The apartment is perfect. It’s got just enough space but not too much. The view is nice and parking is easy. There’s a washer and dryer and the pool is gorgeous. Before you jump into a legal agreement in the form of a lease, take a few minutes and consider some questions to ask a prospective landlord or property management company representative. Because once you sign, you’re pretty much stuck.

What does the rent cover? It utilities aren’t included, can you provide an estimate of how much that costs each month? This will help you develop, and hopefully stick to, a monthly budget.

How do I pay the rent? Is there an electronic payment option? What are the late fees if I miss a payment? If you’re dealing with an individual landlord or a small company, they may prefer to be paid by check. Most larger property management companies will have an electronic payment option, but you’ll want to make sure you know the process before it’s time for the first rent payment.

What are the parking options? Not knowing where to park can be frustrating and may involve more expense if you park somewhere you shouldn’t and get towed. The answer also will allow you to decide if the extra cost of reserved parking is worth it.

Is there on-site maintenance or security? How do I request maintenance? Is there a different process after regular business hours? What about in an emergency situation? Find out the answer to this before you need to use it, especially the emergency maintenance request procedure.

What is the refund policy for my security deposit? Knowing this before you move in will help you plan how to care for your new space (you’ll want to get that money back, after all) and to know what the landlord’s expectations are.

Where is the mail delivered? Is there a secure area for package deliveries? Knowing this will help make sure you actually get your mail and packages.

What am I allowed to change in the apartment (ex. paint the walls, use nails vs. adhesive strips for pictures, etc.)? Knowing in advance what you’re allowed to do to make your new space feel like home can save you time and money in the long run. Some complexes don’t even want nails put in the walls, while others don’t care if you paint as long as you return the space to its original condition before you move out. If the policy isn’t explicitly stated in your lease, ask for it in writing.

Will the staff conduct inspections? If so, how much notice should I expect? When can the staff enter my apartment without notice? Generally, you should be afforded notice before an employee enters your apartment, except in emergency situations, but it’s good to know exactly how much notice will be provided and what could be involved in a possible inspection.

Are there guest restrictions? Some complexes have policies about how long guests can stay or ask that they register their cars with the office for security purposes, etc.

What are the penalties if I break my lease? What about in an emergency situation? While you may be planning on completing your full lease, sometimes life happens and you’ll want to know what the policies are if you have to break your lease.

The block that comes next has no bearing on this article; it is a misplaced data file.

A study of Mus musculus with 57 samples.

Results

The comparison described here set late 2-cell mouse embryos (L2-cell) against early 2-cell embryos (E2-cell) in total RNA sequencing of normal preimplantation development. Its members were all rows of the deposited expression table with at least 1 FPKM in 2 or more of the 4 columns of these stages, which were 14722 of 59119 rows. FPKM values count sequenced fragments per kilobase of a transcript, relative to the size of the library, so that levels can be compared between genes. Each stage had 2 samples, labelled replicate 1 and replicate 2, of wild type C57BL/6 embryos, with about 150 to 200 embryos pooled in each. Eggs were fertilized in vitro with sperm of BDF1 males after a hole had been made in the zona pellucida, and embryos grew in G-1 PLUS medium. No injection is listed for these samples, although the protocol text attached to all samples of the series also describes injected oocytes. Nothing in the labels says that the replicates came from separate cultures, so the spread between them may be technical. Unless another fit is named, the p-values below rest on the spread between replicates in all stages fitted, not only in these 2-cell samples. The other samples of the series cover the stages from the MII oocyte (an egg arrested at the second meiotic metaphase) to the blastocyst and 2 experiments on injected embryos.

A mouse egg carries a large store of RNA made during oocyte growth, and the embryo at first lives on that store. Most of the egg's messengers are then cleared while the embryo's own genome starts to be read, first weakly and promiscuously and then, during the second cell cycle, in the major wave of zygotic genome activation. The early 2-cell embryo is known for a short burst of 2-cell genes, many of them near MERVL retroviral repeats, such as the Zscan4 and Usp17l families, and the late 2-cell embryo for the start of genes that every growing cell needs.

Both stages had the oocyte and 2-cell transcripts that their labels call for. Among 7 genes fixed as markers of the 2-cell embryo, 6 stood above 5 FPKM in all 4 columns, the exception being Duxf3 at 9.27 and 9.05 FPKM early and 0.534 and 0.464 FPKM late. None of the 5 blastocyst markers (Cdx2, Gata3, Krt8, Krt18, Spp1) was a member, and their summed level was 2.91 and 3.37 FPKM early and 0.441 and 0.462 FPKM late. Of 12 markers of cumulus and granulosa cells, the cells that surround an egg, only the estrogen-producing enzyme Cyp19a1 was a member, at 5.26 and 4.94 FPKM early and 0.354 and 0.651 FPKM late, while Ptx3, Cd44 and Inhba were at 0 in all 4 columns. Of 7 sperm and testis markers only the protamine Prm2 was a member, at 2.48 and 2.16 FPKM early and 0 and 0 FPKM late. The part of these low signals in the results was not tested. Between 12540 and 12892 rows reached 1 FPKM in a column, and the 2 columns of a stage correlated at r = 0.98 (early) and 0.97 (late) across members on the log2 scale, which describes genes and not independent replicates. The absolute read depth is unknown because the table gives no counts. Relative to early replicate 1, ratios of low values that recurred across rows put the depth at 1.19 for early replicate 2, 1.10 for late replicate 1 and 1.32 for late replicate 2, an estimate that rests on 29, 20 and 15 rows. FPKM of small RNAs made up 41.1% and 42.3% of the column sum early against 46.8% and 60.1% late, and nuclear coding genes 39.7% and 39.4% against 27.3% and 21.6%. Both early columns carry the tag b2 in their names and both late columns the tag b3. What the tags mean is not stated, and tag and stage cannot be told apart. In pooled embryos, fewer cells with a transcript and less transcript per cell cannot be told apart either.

Am I allowed to sublet if I’m away for a length of time such as summer or for an internship? College involves periods where you may not always be in Lubbock. If you’re having to also pay rent somewhere else, you may want to find a way to offset some of that cost, but it can be more expensive in the long run if you sublet in violation of your lease.

What are the pet policies and deposits? Even if you don’t currently have a pet, you might change your mind at some point so know what the expectations are before you sign anything.

Do I have to have renter’s insurance? While renter’s insurance is always a good idea, not every landlord or property management company requires it. Others will make you bring proof of insurance with you to sign the lease.

Will we do a walkthrough to document the current state of the apartment before move-in? If not, can I provide a list of any pre-move-in problems? This documentation will help you get some or all of your security deposit back.

How much notice will I need to give before I move out? Most complexes will require 30 to 60 days, but you’ll need to know if it has to be done in writing, through an electronic form, delivered to the complex office, etc.

Are there any plans to update, renovation or expand the complex? Planned updates or renovations could add amenities you can enjoy, which is a plus, but might also involve construction, which is a minus, that you’ll want to consider before you’re locked into a lease.

Sources:’s Student Renter’s Guide, U.S. News & World Report “11 questions to ask before signing an apartment lease,”’s “12 questions to ask before renting an apartment”

(0) comments

Welcome to the discussion.

Keep it Clean. Please avoid obscene, vulgar, lewd, racist or sexually-oriented language.
Don't Threaten. Threats of harming another person will not be tolerated.
Be Truthful. Don't knowingly lie about anyone or anything.
Be Nice. No racism, sexism or any sort of -ism that is degrading to another person.
Be Proactive. Use the 'Report' link on each comment to let us know of abusive posts.
Share with Us. We'd love to hear eyewitness accounts, the history behind an article.